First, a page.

Friday, November 26, 2010

Industrial Strength Testing for Joomla Part 3

Under a test-first development practice when you're rolling out an add-on, you should also be rolling out a rigorous suite of tests to demonstrate that the add-on really works and satisfies some fundamental security and accessibility criteria.

Lacking such an automated test suite, it is not rational to expect an add-on to perform correctly. It is certainly not reasonable to purchase an add-on without the assurance that a test suite passes and can be repeated under your host environment. 

The truth is, most software is crappy. Let's posit a valuation function Crppnss(t) to determine how crappy a piece of software is, and suppose it is inversely proportional to the number of automated tests V(t): Crppnss(t)=1/V(t). That's a reasonable assumption. Although there are studies that suggest the relationship between latent bugs and number of tests is linear, even a small number of tests can have an impact much greater than a linear correspondence.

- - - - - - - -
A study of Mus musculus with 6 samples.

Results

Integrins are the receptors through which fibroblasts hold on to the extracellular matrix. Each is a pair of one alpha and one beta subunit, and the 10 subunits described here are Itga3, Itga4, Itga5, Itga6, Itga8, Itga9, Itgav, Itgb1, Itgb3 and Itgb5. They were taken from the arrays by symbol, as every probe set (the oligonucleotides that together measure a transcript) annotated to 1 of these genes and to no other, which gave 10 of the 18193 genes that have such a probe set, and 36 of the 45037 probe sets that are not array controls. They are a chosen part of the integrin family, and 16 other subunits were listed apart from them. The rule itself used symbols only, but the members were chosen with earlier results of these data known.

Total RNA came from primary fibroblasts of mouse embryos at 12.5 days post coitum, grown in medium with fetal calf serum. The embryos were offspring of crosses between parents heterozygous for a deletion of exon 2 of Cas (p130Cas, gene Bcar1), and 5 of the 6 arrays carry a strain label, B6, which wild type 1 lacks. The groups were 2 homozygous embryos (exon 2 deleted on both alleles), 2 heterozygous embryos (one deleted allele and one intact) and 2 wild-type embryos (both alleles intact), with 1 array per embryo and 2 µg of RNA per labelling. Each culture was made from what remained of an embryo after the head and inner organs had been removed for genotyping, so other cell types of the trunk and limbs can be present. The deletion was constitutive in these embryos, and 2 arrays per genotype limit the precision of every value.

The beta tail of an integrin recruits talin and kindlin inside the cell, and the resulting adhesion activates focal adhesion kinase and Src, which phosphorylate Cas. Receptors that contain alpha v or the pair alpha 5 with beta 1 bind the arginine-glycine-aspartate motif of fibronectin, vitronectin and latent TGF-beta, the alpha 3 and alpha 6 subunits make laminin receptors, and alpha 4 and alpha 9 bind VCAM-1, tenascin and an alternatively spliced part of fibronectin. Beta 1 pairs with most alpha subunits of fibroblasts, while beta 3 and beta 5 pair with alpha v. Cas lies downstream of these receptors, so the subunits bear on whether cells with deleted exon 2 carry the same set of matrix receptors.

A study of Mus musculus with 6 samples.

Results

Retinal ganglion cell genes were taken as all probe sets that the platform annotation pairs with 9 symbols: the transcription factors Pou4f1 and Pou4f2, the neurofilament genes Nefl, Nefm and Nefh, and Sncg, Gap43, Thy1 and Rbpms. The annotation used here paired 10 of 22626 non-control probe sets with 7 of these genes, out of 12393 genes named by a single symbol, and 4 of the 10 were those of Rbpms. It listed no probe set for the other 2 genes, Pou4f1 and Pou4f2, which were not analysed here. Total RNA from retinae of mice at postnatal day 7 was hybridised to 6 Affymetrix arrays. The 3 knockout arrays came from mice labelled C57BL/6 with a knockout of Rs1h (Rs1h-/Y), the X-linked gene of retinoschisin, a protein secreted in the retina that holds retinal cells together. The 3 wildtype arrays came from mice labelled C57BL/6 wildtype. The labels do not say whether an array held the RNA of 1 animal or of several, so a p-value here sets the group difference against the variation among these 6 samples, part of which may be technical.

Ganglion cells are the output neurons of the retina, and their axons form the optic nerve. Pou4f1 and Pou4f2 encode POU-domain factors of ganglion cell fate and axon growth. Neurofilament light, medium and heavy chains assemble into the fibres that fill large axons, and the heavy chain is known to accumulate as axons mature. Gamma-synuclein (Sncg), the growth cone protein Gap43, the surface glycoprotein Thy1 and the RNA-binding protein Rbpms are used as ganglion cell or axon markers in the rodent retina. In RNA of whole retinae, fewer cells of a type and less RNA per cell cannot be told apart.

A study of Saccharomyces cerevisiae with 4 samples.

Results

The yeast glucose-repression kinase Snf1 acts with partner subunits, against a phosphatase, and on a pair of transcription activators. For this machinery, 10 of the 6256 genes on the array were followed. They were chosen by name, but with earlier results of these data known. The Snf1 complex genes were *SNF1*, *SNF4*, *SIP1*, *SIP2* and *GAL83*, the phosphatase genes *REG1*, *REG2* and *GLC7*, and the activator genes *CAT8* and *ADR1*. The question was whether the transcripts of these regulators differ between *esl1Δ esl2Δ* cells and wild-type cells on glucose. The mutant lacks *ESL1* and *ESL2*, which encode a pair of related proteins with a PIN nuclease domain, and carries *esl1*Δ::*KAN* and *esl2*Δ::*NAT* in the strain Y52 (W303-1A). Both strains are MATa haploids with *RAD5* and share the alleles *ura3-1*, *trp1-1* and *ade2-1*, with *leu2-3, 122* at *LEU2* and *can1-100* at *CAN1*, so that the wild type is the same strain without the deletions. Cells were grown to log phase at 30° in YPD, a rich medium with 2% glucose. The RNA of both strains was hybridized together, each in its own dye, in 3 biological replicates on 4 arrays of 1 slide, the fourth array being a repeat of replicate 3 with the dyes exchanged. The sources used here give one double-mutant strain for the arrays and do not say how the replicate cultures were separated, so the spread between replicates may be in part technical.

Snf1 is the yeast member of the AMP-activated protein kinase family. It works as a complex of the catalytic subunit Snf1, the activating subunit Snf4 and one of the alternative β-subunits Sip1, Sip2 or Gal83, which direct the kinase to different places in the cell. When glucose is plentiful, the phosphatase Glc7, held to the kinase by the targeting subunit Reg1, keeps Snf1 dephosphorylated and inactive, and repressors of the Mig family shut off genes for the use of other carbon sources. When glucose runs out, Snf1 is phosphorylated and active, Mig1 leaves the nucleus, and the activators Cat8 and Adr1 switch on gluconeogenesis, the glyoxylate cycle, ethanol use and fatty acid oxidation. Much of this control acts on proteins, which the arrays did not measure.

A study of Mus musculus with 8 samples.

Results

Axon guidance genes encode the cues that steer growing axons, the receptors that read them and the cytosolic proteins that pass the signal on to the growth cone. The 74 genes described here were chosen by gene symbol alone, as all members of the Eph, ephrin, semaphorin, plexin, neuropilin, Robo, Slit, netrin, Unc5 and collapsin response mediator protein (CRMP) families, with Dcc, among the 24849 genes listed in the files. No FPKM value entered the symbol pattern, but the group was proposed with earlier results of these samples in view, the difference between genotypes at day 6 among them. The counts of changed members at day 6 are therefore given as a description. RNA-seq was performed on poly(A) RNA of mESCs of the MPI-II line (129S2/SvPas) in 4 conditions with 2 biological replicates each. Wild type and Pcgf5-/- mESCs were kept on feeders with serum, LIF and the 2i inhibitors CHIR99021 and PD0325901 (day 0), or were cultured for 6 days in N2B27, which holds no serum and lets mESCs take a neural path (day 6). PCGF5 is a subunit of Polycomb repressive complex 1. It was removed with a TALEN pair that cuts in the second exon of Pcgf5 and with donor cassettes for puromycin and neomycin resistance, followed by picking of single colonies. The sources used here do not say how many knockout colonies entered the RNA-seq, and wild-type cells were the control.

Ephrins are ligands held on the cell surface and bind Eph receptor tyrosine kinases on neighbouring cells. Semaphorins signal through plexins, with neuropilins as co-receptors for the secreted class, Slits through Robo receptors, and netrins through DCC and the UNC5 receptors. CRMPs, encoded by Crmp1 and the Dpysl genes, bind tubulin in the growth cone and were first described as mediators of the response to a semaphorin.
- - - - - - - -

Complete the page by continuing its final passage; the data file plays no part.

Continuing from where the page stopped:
Since most Joomla components show little or no evidence of automated testing, it follows that most Joomla components should have high Crppnss. That is to say, the theory would predict that they should be quite crappy, and that is just what we see in practice.

Am I missing something here? No doubt. Yet I suspect that the Joomla/PHP testing cup will still be less than half full when I'm filled in on what I'm missing.

After my initial draft of this post, I did more research. Apparently PHPUnit and Selenium, with a Joomla specific runner, is the soup du jour for Joomla 1.6 testing. It is evident that the team has put in a good amount of effort to put together a rational tool chain and process. So the Crppnss for Joomla has officially gone from infinite in version 1.5 to less than one in version 1.6.